CONTACT:  Tara Klimek or Nina Banister
(850) 413-2842

FORT LAUDERDALE—For most of his life, Jay Cohen has made a living catching big fish or helping other people catch them.  Today, Florida's Chief Financial Officer Alex Sink helped the South Florida fishing boat captain reel in a big one when she delivered a check from stock accounts held by Cohen and his sister.  The stocks were reported last August to the Department of Financial Services as abandoned. 
The department's Bureau of Unclaimed Property identified Cohen, of Fort Lauderdale, and his sister Leigh, of North Carolina, as the rightful owners and helped them get the money back for free.  Jay Cohen said they do not want to disclose the amount of money, but he was more than happy to meet CFO Sink today on his day off to pick up the check.   They met at the Pier 66 Marina in Fort Lauderdale.
"This may be one of the more fun aspects of my job," said Sink, who as CFO oversees the department.  "We are holding more than one-billion dollars' worth of cash and property for Floridians who have lost track of it, and we are eager to return it to the rightful owners."
Jay Cohen operates Captain Jay's Reel Adventure Charters, Inc., out of Miami. The money the Cohens are claiming comes from Manulife Financial Inc. stock the two owned.  The Cohens filed their claim in November after the Bureau contacted them.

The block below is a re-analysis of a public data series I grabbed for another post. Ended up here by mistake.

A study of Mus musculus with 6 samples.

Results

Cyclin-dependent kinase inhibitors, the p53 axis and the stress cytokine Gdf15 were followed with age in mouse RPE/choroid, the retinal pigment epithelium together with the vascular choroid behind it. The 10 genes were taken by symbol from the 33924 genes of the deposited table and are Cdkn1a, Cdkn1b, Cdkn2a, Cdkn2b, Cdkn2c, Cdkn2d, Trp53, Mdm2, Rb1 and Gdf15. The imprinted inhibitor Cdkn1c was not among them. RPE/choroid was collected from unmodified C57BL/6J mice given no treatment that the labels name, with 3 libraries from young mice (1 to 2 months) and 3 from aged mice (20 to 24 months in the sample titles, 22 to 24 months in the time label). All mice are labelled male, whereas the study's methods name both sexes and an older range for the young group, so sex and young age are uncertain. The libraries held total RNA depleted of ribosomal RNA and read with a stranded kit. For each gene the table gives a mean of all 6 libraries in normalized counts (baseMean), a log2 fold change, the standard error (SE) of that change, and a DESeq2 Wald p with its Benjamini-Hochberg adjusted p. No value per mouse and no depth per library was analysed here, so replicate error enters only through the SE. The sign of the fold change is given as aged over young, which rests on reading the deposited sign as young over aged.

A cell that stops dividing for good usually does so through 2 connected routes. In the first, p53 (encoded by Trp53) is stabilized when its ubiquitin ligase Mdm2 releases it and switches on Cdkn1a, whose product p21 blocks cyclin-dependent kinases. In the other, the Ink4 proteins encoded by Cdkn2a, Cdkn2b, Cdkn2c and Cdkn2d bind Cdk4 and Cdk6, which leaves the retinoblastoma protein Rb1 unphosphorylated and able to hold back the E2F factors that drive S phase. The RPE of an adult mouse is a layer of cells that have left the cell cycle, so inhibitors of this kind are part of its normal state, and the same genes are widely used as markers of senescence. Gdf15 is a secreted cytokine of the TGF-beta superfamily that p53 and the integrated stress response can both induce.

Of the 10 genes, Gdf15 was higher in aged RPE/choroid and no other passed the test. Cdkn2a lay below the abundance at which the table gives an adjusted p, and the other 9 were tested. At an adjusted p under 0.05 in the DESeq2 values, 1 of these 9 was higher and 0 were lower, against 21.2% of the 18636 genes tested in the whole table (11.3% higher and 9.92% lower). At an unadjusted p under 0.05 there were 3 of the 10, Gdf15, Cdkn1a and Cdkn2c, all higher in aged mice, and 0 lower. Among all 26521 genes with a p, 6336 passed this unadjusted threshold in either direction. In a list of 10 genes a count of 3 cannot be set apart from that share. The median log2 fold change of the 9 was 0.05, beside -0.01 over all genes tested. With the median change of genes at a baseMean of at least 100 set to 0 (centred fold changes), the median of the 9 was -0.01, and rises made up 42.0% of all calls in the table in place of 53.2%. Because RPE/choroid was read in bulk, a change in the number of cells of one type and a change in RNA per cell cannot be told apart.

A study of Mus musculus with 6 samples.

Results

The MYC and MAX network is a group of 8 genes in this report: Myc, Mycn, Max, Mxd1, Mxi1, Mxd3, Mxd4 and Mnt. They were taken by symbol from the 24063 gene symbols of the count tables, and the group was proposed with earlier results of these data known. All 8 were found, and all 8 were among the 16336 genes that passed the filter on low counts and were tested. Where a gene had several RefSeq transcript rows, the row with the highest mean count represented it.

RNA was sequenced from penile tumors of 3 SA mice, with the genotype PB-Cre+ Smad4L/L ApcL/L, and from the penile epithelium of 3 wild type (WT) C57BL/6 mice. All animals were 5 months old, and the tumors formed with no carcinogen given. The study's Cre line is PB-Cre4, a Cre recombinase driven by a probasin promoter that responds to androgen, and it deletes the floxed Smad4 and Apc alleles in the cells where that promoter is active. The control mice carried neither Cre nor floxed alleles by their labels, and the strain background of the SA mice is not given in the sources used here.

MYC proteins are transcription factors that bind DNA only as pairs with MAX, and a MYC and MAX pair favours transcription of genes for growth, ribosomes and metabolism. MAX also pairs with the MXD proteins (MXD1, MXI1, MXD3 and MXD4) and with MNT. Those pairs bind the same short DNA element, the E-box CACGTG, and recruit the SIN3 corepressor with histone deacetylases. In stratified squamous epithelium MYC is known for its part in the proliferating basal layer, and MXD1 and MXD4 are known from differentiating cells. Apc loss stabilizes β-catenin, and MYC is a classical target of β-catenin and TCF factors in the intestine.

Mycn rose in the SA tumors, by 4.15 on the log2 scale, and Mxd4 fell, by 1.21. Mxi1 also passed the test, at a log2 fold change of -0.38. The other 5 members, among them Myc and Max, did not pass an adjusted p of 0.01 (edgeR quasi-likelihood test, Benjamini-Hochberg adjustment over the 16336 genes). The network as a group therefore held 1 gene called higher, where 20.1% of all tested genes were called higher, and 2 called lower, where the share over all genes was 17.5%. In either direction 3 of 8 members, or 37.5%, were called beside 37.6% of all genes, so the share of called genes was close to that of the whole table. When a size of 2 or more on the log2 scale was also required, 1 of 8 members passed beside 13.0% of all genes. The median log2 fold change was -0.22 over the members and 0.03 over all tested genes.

The Bureau is currently holding 7.8 million accounts statewide, including nearly 1.14 million accounts in South Florida.   In Palm Beach County, 231,419 accounts are valued at $82.6 million; in Broward County, 402,273 accounts are valued at more than $125 million; and in Miami-Dade County, 545,601 accounts are valued at more than $188 million.  These accounts can be claimed for free by logging on to or by calling the Bureau at 1-88-VALUABLE.
Unclaimed cash and proceeds from the auction of abandoned property go the Florida Public School Trust Fund.  The Bureau has transferred more than $1.5 billion to the school trust fund since the program's inception in 1961. Claims, however, can be made at any time.

As a statewide elected officer of the Florida Cabinet, Chief Financial Officer Alex Sink  oversees the Department of Financial Services, a multi-division state agency responsible for management of state funds and unclaimed property, assisting consumers who request information and help related to financial services, and investigating financial fraud. Sink also serves as the State Fire Marshal.